While the human kingdom froze their travel plans during lockdown, NZ’s iconic wildlife never stopped going with the flow. In fact, the Ōamaru Blue Penguin Colony has been given opportunities to spread its wings (well, flippers) further than ever before.
A live stream of the colony, as the world’s smallest penguins returned home for the evening, was broadcast initially to travel and trade agents across Japan, giving viewers unique access to these aquatic birds in their natural environment.
The stream will later be made available on the Tourism New Zealand website as a way for Japanese travellers to experience a unique and uncaged perspective of the penguin (or korora), at this increasingly popular and easily accessible natural wildlife attraction in New Zealand.
Situated a five-minute drive from the township of Ōamaru, the colony operates evening viewings, every night of the week, year-round, with peak season (August-February) welcoming over 200+ penguins coming in from the cold Pacific Ocean waters.
The Ōamaru Blue Penguin Colony, which has been selected twice as a finalist in the New Zealand Tourism Awards for its’ success in environmental protection and research (2018/2019), will have its CO2 footprint calculated in the coming year. This will provide the colony with an emissions profile, and strategies for effective reductions—a cool little contribution to New Zealand’s ongoing transition to a net zero carbon economy.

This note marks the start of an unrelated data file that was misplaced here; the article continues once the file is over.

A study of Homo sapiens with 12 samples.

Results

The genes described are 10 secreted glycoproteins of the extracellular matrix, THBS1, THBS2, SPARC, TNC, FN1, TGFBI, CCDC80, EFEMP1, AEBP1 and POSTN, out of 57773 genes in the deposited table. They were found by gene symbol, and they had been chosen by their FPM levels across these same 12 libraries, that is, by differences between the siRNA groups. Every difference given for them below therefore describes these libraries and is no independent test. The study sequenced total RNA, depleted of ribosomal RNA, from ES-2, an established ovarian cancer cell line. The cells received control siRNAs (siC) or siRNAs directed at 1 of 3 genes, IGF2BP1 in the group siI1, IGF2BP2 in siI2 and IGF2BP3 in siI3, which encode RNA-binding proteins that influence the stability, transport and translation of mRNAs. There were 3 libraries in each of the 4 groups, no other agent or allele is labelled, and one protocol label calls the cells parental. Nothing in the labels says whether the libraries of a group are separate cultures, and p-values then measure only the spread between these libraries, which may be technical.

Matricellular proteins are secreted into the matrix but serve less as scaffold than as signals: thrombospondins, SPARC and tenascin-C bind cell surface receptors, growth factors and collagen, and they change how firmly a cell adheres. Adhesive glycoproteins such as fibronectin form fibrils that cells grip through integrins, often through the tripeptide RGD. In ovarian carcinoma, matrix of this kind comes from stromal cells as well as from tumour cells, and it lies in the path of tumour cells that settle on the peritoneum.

The delightful animals will also be showcased as part of the Tourism New Zealand ‘Do something New New Zealand’ campaign, with a TNZ film crew visiting the colony to capture the evening penguin parade.
In addition, the colony has now been selected by Zurich University to be one of 20 sites across the globe (the only site within Oceania) to have a video installation observing and recording wildlife in their natural habitats.
The cameras, sent from the University, have been carefully installed under the guidance of the Penguin Colony’s Science and Environmental Manager Dr. Philippa Agnew, and imagery has already begun to be collected. The cameras will run for a year and with this extensive footage time-lapses will be created for each location.
The footage will be showcased in a newly designed walkable exhibition in Zurich synchronically alongside all the other videos collected to create an immersive experience. Along with the installations, information about the wildlife and environmental protection projects in each area will be shared. The aim of this project is to urgently raise awareness of climate change, and the profound impacts future generations will have to bear.
Of the Ōamaru Blue Penguin Colony’s global reach, Philippa said it was reassuring the colony was being noticed and extending it’s reach to different markets promoting an important message, “I’m proud of the fact we are becoming internationally recognised not only as a place people can see the penguins but for our research as well.”
To witness the penguins thriving the way nature intended is a testament to the strong conservation efforts made to aid NZ wildlife, and what has been achieved here in Ōamaru.